The Nigerian fashion industry has indeed burgeoned beyond limits with so many indigenous fashion brands emerging with such impeccable creativity which leaves an indelible mark in the fashion terrain. To talk about the evolution of Nigerian fashion, the beauty in its diverse cultures is worthy of mention. With the Yoruba, Igbo and Hausa, amongst other ethnic groups, having their own peculiar outfits, what best describes the Nigerian fashion zone other than colourful.
Prior to the 90s, Nigerian fashion had always been influenced by the British as a result of the colonial strings but at the close of the last millennium, the Nigerian fashion industry took a great leap and has since then been making global impacts.
The 60s saw a lot of elites dressed in tight-fitting or loose long dresses, hats and miniskirts inspired by Mary Quaint. For men, boot-legged trousers and fitted open-neck shirts with loud prints were the order of the day. This was as a result of the fact that most of the trends were inspired by the British since they had a high influence on our culture. While the elites emulated the British dress styles, the uneducated clung to their traditional attires and local hairstyles. The ‘Afro’ hairstyle became a fad for both sexes during this period.
During the 70s, Nigerian women mostly wore a very loose-fitting sleeved Buba worn over an Iro which barely went below the knee while for men, Dashiki and Agbada were the trending attires. This trend, known as Oleku, was said to have gotten its name from a movie with the same name. During this time, Nigerians became confident to rock their traditional styles and this perhaps, can be attributed to the sense of identity that comes with self-governace. 1970 hairstyles were mostly Jerry curls and perming for both men and women. Another peculiar thing about fashion in the 70s is the idea of ‘to-match’. Many a person wore accessories that matched with the colour of their dresses.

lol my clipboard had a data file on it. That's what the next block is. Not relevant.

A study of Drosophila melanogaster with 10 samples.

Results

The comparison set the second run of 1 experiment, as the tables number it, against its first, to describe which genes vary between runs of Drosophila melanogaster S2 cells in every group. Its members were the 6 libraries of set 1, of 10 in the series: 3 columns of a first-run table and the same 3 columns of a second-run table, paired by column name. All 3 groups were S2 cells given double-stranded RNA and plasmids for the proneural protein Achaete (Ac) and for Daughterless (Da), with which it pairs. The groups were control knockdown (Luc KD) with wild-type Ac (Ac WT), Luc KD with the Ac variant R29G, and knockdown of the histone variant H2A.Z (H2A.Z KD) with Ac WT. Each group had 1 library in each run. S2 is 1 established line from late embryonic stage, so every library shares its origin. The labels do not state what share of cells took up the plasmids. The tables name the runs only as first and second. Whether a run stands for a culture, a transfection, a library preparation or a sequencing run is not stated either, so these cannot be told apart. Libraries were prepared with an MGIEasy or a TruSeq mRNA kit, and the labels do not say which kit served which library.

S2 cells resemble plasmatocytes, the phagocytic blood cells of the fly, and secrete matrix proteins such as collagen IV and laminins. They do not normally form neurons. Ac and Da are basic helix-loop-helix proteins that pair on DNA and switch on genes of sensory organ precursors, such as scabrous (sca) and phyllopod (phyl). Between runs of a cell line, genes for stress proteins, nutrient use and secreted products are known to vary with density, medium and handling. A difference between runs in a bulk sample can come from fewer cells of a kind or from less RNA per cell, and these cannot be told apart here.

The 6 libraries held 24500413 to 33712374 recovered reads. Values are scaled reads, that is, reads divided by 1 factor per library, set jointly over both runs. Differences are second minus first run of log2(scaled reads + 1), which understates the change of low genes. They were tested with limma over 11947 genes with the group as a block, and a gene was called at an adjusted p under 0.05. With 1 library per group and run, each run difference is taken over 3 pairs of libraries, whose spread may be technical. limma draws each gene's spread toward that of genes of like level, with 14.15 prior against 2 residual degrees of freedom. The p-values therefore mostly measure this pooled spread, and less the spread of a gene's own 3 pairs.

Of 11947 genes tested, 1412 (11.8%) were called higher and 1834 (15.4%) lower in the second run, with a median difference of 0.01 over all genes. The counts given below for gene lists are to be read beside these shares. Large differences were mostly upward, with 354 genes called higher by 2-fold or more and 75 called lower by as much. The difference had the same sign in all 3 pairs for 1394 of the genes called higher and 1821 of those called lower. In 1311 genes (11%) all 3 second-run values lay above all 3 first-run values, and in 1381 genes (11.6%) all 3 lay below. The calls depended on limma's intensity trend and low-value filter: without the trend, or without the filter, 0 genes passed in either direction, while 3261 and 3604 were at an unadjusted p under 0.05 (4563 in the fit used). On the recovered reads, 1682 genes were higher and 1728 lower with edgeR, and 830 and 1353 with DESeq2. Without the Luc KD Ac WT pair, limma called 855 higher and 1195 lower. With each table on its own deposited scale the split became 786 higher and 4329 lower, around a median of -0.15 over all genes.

The 80s came with maxis. Women rocked maxi skirts with big jewelries while men and loose-fitting suits became pals. Dresses were mainly big and the hairstyle Afro became rather untamed with a very loud rave of perming and Jerry curls. There were even instances of garish dresses with ridiculous combinations. This fad permeated even into the 90s as a result of the rapid growth of westernization across the globe.
Nigerian fashion in the 90s became a mirror of the western world. There was an influx of foreign clothes in the country such that the Nigerian economy dwindled. Fitted tank tops, makeup, jeans, Capri pants, etc flowed into the country such that those who could not afford them made do with ‘bend-down select’ – cheap second-hand clothes which also came in from foreign countries.
It was during this period that the Ankara fabric surfaced. The African prints made from African designs and Indonesian production received national acceptance and thrives till this very moment.
Till this day, westernization still has a big influence on Nigerian fashion but we can boldly assert that even at that our Nigerianity and Africanness, we have accepted and embraced in all its entirety. With top Nigerian fashion designers like Folake Folarin-Coker, Yomi Casual, Duro Olowu, Deola Sagoe, Mai Atafo amongst others making their mark and including our rich cultural heritage in every of their great works, we can only hold on to the optimism that the Nigerian fashion industry shall continue to bloom with recognition and prominence.